If someone were to make a pie chart of what has been the source of all of the times my husband and I have argued, a rather large slice would be labeled “navigation.” Before GPS and Google Maps, our trips more often than not went something like this:
Husband (in driver’s seat): Where am I supposed to turn?
Me (passenger): Uhhhh…
Husband: Get the map out! Quick!
Me: Which map?
Husband: The one in the glove box! Hurry!
Me: (pulling map out and fumbling to get it open) Where are we?
Husband: I don’t know, look at that street sign. The turn is coming up, better figure it out quick!
Me: Did that say Ash or Cash? I couldn’t read it with that truck in the way.
Husand: Ash! It said Ash!
Me: What side of town are we on?
Husband: Ahhhhh! Seriously?
Me: Found it! Ok, turn right here.
Husband: (turning right)
Me: No turn left!
Husband: You said turn right!
Me: I meant turn LEFT right here.
Husband: (making u-turn) Then why didn’t you say that???
By the time we would reach our destination, my husband would have smoke coming out of his ears while I would be missing patches of hair from pulling it out. Then along came the glorious invention of the Global Positioning System. I can’t decide if I owe that bodiless woman in Google Maps giving us directions a huge thank you card attached to a lifetime supply of chocolate, or if I should be insanely jealous. My husband has made it abundantly clear on countless occasions that he prefers to hear her voice directing us around town over mine. Regardless, I’m thankful we now arrive at our destination without wanting to tear each other apart limb-for-limb.
I grew up in a small town with only one stop light. The need for GPS or maps was pretty much null due to the fact that we only ever drove six places, all basically within 4 blocks of each other. Sure, I could have walked, but I was oh, so cool driving around in my beat-up, red Geo Tracker with no heat or air conditioning.
Before leaving for college the summer after my high school senior year, some friends and I from that little town decided to put together a time capsule to be opened every 10 years after graduation. We gathered up newspaper articles, old high school trinkets, awards, and we filled out a bunch of papers we’d printed on what we planned to accomplish and where we saw ourselves in the years ahead, along with predictions we had for each other. We might have even sung some Disney Karaoke that night and ate a ridiculous amount of Reese’s Peanut Butter Cups and Skittles (because when you have an 18-year-old metabolism, why the heck not?) until an unspeakable morning hour my nearly middle-aged body shudders to think of. All six of us girls had some pretty ambitious goals. At 18, life was calling to us, and we were ready to answer. We were going to conquer the world! Those papers hidden away in a box at the back of my closet are proof of our confidence and optimism… and possibly naivety about what the world was going to dish up.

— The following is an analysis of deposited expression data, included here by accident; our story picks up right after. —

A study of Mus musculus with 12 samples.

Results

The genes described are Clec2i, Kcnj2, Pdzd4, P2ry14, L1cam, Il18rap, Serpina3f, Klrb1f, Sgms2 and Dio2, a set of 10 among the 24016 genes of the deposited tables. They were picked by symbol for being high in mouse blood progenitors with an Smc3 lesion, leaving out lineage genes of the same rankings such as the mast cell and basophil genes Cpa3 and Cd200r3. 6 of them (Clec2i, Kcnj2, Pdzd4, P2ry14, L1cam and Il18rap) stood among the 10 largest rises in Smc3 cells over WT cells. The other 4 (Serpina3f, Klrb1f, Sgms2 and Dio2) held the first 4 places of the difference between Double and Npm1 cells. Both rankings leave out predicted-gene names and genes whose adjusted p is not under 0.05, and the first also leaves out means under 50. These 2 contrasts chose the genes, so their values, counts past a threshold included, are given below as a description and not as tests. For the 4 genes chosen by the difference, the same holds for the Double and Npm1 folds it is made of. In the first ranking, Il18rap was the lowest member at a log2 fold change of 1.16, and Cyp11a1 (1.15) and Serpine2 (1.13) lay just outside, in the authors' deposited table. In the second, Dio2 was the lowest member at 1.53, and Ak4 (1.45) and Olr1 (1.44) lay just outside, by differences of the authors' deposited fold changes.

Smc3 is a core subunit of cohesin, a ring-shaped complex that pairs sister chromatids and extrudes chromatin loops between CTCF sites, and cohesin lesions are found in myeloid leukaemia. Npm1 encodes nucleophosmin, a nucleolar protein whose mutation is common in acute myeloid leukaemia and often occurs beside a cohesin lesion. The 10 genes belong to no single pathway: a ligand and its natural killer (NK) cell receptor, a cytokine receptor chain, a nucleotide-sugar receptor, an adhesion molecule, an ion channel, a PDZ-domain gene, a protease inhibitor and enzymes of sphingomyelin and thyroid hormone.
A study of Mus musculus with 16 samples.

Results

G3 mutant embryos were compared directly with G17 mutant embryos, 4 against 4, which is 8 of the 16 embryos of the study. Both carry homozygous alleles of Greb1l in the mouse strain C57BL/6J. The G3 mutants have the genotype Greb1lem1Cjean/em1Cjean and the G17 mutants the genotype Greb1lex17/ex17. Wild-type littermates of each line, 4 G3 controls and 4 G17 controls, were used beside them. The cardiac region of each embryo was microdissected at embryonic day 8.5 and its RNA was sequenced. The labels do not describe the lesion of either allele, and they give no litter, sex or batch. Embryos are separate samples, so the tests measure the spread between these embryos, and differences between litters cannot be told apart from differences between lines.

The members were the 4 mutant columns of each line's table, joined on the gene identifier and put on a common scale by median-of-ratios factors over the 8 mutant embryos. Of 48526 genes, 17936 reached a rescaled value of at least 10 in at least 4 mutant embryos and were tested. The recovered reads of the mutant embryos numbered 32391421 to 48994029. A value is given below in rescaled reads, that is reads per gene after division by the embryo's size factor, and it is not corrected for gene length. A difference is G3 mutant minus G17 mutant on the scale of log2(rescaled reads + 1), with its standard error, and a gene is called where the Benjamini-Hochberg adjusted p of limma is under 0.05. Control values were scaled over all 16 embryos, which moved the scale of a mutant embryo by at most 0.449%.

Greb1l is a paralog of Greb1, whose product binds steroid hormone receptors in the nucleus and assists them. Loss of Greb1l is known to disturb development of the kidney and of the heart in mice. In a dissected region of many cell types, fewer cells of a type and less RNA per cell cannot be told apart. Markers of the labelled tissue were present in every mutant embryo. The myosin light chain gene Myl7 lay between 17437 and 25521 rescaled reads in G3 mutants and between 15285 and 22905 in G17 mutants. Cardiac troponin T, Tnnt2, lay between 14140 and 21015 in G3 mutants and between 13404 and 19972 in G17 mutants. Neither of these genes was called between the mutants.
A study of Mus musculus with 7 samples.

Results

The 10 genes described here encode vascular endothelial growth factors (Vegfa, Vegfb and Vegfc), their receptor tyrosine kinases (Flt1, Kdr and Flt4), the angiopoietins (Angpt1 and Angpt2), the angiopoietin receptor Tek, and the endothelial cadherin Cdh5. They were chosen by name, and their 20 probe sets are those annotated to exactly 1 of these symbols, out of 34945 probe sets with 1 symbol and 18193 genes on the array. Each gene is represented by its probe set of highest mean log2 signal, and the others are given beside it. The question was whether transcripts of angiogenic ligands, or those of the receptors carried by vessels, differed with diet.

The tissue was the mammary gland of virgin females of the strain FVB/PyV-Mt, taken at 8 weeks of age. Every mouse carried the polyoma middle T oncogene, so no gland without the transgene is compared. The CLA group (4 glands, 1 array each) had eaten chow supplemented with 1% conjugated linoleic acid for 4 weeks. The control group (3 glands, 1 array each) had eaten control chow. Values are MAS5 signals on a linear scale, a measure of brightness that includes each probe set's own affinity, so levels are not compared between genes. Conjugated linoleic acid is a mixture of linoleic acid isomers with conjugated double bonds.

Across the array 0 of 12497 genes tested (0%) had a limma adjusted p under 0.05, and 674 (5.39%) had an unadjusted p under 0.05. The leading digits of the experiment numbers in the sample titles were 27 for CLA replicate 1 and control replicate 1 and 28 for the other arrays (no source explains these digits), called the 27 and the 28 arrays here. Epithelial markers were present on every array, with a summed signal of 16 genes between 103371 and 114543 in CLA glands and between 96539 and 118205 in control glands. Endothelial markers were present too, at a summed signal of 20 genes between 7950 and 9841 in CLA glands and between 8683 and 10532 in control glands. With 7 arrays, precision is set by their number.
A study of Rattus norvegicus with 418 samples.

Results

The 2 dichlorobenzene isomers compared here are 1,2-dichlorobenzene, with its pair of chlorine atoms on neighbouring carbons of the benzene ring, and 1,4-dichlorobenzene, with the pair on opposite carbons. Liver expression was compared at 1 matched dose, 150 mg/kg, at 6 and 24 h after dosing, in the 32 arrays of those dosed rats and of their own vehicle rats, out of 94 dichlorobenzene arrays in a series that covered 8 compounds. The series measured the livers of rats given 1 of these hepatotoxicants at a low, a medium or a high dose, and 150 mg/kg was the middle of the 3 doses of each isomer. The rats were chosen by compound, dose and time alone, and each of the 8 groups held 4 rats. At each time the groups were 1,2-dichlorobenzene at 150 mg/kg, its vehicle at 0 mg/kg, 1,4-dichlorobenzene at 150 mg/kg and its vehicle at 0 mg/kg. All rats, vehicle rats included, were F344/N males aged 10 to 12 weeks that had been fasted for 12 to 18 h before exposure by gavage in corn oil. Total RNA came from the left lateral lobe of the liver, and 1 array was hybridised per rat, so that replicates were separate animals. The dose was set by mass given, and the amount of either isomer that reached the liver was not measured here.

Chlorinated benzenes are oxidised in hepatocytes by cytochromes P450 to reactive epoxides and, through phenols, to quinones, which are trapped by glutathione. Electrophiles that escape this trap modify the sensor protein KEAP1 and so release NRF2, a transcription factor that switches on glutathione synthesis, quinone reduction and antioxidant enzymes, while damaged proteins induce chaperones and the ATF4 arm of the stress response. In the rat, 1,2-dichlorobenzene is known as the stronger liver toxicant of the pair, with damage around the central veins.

Somehow back then I pictured life following a nice, tidy set of maps, possibly even with Google Lady giving me easy, straightforward directions to follow in her monotonous voice: “At the next intersection, take College Street. Take a left to continue on Family Avenue. Exit here and continue on Career Parkway for 45 miles.” No re-routing, no U-turns.
Since our final hurrah as high school buddies we’ve all taken different roads. And despite our best predictions, I’m positive not a single one of our drives has been perfectly in line with how we imagined when we tucked the papers away in our time capsule. But I think we would all agree, with its unexpected turns, flat tires and speed bumps, the road has been good.
Maybe life is less like a highway and more like a series of one-way streets, wrong turns, u-turns, side roads, traffic jams, pot holes, missed exits, and detours. Maybe life was never meant to follow a GPS. Maybe concrete plans were meant to be broken. Maybe we were meant to scream from time to time, “Crap! I didn’t want to exit here!” so that we can experience that scenic byway we had no idea was on the other side of the hill. And maybe we are even occasionally supposed to find ourselves unpleasantly in a dark alleyway on the wrong side of town so we can someday help navigate someone else to the wide open streets again.
“I don’t want to drive up to the pearly gates in a shiny sports car, wearing beautifully, tailored clothes, my hair expertly coiffed, and with long, perfectly manicured fingernails.
I want to drive up in a station wagon that has mud on the wheels from taking kids to scout camp.
I want to be there with a smudge of peanut butter on my shirt from making sandwiches for a sick neighbors children.
I want to be there with a little dirt under my fingernails from helping to weed someone’s garden.
I want to be there with children’s sticky kisses on my cheeks and the tears of a friend on my shoulder.
I want the Lord to know I was really here and that I really lived.”
― Marjorie Pay Hinckley
While my husband might think it’s sound advice to beg every starry-eyed newly-married couple to “…just always use the GPS!” (who knows? Maybe such words of wisdom will, in fact, save a marriage or two), I believe life in general is meant for experiencing the unexpected, getting a little lost, going down a one-way street, and parking for a second on the top of the mountain to watch the sunset. So next time you find yourself metaphorically cussing at the guy in front of you going 35 in a 65 mph zone or miraculously finding a rest stop right as your recently potty-trained 2-year old starts to wail that he needs to go, just remember, good or bad, life is meant for moments just like this.